When Naysa Modi missed the word “bewusstseinslage” in the championship round of the Scripps National Spelling Bee a month ago, (she omitted an “s”) it opened the door for Karthik Nemmani to win. But he first had to spell two more words correctly. Karthik correctly spelled “haecceitas,” then came the championship word: “koinonia.”
The Bee’s official definition of “koinonia” was, “An intimate spiritual communion and participative sharing in a common religious commitment and spiritual community.” One news report describing the winning round of the Bee called “koinonia,” “an obscure word of Greek origin.”
In the weeks since the Bee, Christian writers have been trying to make sense of this. “Koinonia” is part of the routine vocabulary of many churches. There are “Koinonia” groups, “Koinonia” classes, praise bands named “Koinonia” and so on. The word is so familiar to so many Christians that it’s hard to fathom how it could be used in the championship round of the National Spelling Bee.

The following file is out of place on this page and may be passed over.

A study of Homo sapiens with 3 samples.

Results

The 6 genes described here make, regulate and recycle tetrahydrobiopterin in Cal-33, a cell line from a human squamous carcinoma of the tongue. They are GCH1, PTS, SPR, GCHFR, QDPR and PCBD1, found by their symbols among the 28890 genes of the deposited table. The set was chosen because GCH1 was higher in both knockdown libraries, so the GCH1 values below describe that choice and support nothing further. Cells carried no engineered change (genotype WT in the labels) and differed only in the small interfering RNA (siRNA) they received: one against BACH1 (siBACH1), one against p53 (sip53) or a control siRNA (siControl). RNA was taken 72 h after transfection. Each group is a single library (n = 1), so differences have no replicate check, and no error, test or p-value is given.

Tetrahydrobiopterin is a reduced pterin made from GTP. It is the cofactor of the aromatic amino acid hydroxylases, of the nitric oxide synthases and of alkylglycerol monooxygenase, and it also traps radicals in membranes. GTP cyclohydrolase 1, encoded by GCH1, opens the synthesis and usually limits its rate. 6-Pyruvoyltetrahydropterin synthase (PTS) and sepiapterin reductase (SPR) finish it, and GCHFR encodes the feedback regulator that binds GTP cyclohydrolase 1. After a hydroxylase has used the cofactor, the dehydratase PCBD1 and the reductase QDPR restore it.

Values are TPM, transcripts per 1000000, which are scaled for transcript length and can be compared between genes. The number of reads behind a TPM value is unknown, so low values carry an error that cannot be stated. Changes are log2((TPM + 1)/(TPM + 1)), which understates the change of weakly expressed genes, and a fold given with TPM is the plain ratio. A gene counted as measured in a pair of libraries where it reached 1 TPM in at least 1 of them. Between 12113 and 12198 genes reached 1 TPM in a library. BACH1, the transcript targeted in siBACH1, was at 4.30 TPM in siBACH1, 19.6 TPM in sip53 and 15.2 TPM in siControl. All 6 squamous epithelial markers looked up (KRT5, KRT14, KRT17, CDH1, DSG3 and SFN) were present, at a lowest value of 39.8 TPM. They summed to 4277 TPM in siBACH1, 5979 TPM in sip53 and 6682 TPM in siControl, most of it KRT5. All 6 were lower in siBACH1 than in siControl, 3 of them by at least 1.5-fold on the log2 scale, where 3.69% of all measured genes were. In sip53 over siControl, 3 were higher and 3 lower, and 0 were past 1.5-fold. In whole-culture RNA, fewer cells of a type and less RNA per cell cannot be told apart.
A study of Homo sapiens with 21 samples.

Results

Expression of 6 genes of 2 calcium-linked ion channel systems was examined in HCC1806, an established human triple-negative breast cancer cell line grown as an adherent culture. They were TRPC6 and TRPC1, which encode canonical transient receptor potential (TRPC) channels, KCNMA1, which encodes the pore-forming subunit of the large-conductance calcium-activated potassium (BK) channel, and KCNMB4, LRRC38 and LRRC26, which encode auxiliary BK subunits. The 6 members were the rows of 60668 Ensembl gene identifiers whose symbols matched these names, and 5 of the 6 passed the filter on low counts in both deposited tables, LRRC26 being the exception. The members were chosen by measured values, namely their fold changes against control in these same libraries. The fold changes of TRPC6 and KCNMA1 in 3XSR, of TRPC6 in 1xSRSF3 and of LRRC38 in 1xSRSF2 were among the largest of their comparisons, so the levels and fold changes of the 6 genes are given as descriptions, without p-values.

“Koinonia” was the word used by Luke to describe the distinctive community of the early church. Acts 2:42 says, “They devoted themselves to the apostles’ teaching and to the fellowship (koinonia), to the breaking of bread and to prayer.”
Christians tend to overuse the word “fellowship.” It gets reduced to describing the hospitality time after worship on Sunday. But “koinonia” is much more than that. It’s the intimate, interdependent set of relations among people who together are being transformed by their relationship with Jesus Christ.
So when the news describes “koinonia” as an “obscure” word, it makes me both sad and hopeful. This “obscure” thing is what the church of Jesus Christ uniquely has to offer. It’s also precisely what the world needs.